55 Voices of Democracy - Diana Garvin on the Political Implications of Food
The fascist regime in Italy attempted early on to create a culinary nationalism by “re-writing ‘la cucina povera’ (the cooking of the poor) as national greatness” and to evoke a sense of pride in local produce that would ultimately support the fascist economy, argues historian Diana Garvin. Garvin is an Assistant Professor of Italian at the University of Oregon, and has done extensive research on the role of food and coffee in fascism. In this episode, she talks about how food remains central to nation building to this day, and what makes a meal fascist or anti-fascist. Garvin is the author of the 2022 book Feeding Fascism: The Politics of Women’s Food Work.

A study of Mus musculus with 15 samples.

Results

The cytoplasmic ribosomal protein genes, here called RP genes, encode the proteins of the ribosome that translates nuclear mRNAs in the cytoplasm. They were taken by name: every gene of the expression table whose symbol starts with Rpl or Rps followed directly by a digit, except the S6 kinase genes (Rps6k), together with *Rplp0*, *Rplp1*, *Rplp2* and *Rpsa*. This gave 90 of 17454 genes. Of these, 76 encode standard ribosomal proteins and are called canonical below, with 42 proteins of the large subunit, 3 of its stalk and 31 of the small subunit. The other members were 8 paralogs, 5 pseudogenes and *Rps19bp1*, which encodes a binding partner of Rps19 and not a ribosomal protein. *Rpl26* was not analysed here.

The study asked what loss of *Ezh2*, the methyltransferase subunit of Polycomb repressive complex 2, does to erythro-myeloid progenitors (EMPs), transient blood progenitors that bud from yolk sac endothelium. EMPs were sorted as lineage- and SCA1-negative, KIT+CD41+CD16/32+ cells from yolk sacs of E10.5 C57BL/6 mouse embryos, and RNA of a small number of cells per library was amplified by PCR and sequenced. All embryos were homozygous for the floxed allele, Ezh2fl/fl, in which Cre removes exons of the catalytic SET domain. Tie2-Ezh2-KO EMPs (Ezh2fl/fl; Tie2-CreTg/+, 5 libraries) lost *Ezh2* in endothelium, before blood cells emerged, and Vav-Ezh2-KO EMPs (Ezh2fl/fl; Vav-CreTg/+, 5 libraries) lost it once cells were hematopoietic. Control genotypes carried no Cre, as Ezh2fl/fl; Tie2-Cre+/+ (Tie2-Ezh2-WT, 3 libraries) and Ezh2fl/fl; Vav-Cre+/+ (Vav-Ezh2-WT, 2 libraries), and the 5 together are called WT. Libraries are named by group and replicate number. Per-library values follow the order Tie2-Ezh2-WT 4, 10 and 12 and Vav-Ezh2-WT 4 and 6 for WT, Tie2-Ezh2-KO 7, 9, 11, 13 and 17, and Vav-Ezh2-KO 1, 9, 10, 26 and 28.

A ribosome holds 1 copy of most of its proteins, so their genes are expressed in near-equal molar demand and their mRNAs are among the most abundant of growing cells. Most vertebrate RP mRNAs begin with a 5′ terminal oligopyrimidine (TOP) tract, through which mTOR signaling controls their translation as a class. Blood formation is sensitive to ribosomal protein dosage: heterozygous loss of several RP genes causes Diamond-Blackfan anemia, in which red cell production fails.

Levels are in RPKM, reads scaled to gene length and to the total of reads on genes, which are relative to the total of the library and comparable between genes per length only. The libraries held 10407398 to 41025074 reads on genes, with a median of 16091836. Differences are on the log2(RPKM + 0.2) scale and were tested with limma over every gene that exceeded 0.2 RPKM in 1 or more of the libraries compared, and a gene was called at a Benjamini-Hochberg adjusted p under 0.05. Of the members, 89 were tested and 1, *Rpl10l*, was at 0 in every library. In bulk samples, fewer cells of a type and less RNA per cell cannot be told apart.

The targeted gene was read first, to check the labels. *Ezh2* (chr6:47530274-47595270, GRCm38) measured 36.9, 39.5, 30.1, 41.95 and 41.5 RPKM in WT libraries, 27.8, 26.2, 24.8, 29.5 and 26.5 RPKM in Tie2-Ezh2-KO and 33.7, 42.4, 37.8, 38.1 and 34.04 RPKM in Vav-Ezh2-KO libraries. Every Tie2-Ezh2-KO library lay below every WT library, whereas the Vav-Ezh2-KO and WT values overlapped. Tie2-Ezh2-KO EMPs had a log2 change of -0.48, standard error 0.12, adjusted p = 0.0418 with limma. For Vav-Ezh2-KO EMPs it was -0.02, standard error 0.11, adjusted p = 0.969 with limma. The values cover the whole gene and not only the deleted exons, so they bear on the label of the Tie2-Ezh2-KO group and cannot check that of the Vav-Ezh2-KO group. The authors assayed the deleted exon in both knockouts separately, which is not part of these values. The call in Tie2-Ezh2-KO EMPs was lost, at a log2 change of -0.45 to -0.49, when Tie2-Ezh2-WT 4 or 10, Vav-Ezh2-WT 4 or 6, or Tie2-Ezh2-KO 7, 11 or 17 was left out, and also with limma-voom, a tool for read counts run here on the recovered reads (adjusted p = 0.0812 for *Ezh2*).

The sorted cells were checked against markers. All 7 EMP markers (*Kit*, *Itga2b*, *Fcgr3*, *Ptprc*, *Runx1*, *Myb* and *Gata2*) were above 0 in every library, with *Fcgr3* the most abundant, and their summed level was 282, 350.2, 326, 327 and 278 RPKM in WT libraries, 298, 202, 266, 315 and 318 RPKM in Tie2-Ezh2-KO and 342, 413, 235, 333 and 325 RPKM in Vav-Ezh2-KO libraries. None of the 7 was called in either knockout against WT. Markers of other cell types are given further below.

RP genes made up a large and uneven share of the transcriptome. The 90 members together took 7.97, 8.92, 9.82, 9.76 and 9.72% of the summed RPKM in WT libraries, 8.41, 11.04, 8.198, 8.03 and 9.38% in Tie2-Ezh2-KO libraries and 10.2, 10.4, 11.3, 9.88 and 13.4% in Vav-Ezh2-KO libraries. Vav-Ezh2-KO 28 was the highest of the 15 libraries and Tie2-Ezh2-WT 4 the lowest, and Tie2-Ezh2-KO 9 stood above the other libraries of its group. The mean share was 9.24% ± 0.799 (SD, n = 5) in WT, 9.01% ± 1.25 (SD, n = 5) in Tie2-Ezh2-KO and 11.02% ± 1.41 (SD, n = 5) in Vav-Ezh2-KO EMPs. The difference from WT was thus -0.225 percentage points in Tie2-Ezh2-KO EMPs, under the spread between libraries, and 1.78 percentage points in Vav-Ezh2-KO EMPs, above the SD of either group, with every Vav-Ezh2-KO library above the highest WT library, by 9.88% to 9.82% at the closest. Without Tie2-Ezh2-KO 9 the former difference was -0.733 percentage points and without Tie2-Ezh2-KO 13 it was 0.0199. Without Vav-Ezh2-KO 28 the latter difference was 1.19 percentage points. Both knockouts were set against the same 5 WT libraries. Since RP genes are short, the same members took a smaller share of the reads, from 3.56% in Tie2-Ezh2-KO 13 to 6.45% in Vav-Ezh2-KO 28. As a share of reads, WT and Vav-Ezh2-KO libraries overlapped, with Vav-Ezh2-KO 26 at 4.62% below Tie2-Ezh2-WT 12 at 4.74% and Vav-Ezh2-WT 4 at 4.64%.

Listen now: The Podcast | 55 Voices for Democracy
The series 55 Voices for Democracy is modeled after the BBC radio speeches, through which Thomas Mann, from his home in California, turned to listeners in Germany, Switzerland and occupied Netherlands and Czechia during the war. From 1940 until 1945, Thomas Mann pleaded to thousands of listeners to resist the Nazi regime and thus became the most important German voice in exile. His conviction that the “social renewal of democracy” is condition and warrant for its victory seems more relevant than ever. In this podcast series, intellectuals, artists, and activists will engage in conversations about how to renew democracy today.
In collaboration with Los Angeles Review of Books, Goethe-Institut Boston, Goethe Pop Ups in Seattle, Houston, and Kansas City and Wunderbar Together. With friendly support of Dublab.